President Barack Obama focused his brief remarks on immigration in his Monday State of the Union address on castigating partisan divide on the issue.
He entered the chamber with bright smiles and youthful charm, yet allowed the first awkward pause when cautioning against “re-fighting past battles on immigration when we’ve got to fix [pause] a broken system.”
Indeed, 25 states seek temporary injunction of Obama’s executive order that grants some 5 million illegal immigrants temporary stay. The states argue the effects of the order would be costly and burdensome.
The strongly conservative House, meanwhile, voted to defund President’s immigration executive orders last week, even though the Senate most likely has enough moderate Republicans to block the bill.
Obama also flexed his Presidential muscles saying he’d veto any bill that would try to reverse his orders on immigration.
Since a comprehensive immigration bill failed in 2013, the Congress hasn’t passed any bills that would put a dent in the pressing issue. There are about 11 million illegal immigrants in the United States. The majority have been in the country for longer than a decade.
“Yes, passions still fly on immigration,” Obama said. “But surely we can all see something of ourselves in a striving young student and agree that no one benefits when a hard-working mom is snatched from her child.”
Whether the House Republicans will agree with him remains a question.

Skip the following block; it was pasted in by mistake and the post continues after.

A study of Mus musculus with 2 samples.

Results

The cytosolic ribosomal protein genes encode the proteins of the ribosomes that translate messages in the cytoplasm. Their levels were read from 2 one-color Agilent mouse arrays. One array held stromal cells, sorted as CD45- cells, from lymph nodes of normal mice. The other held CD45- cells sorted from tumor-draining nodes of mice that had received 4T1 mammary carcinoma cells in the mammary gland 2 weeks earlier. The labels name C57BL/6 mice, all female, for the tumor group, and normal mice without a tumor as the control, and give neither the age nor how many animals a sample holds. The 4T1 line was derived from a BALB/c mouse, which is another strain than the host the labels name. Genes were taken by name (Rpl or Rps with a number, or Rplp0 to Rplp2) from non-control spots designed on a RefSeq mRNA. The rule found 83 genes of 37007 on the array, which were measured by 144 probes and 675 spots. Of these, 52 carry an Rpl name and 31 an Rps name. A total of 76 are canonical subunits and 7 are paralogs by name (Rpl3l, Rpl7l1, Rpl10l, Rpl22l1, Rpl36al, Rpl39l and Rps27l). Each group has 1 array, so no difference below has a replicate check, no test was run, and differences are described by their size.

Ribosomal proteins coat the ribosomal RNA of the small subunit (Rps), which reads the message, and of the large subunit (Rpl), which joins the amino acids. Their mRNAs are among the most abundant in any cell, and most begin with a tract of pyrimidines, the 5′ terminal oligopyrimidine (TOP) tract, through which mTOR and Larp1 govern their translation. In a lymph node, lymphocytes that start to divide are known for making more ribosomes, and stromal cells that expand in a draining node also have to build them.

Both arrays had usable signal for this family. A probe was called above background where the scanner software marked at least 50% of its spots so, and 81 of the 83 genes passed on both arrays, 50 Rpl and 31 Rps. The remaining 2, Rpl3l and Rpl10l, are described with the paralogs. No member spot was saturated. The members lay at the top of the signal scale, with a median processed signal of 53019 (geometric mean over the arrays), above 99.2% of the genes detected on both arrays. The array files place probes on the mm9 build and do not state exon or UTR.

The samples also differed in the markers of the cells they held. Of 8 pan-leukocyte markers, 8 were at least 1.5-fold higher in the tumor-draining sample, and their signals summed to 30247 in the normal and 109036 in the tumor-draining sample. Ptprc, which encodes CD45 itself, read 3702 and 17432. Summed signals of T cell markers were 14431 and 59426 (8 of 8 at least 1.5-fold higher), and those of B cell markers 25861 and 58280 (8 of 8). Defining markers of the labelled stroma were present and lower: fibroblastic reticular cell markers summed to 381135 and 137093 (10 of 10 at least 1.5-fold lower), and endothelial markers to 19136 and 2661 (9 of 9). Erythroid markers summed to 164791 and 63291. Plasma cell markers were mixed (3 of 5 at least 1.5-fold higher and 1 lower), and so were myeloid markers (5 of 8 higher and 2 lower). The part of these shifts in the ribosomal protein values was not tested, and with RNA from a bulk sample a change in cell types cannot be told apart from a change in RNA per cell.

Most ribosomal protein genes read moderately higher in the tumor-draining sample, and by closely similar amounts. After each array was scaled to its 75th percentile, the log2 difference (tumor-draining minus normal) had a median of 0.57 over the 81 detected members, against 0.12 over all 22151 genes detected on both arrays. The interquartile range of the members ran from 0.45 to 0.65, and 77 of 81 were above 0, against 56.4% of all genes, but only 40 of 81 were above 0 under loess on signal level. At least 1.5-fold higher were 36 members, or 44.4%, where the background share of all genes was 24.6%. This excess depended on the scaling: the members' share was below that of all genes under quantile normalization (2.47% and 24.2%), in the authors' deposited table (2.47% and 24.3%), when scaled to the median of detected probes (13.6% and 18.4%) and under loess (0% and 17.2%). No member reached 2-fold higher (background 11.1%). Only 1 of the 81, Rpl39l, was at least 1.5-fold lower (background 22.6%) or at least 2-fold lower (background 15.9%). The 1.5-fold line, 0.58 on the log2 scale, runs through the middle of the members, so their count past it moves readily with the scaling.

Most recently they introduced a bill that would invest in increasing security against illegally crossing the border called the Secure our Borders First Act, sidestepping the issue of those that have already crossed.
But that doesn’t necessarily mean they will ultimately overpower the President on the issue.
“They’re trying to pass these tough bills now so that they look like that they are pro-immigration enforcement,” said Muzaffar Chishti, director of Migration Policy Institute office at New York University School of Law.
But risking losing the Latino vote altogether in the 2016 Presidential election may be too much of a gamble. So Obama still may get his immigration reform before leaving the office, Chishti said.
On the other hand, if any court grants the injunction of Obama’s executive order, it may not go into effect as scheduled in May, and could even get significantly delayed. Then “there’s a possibility that Republicans could regain this ground,” Chishti said–both in political and policy terms.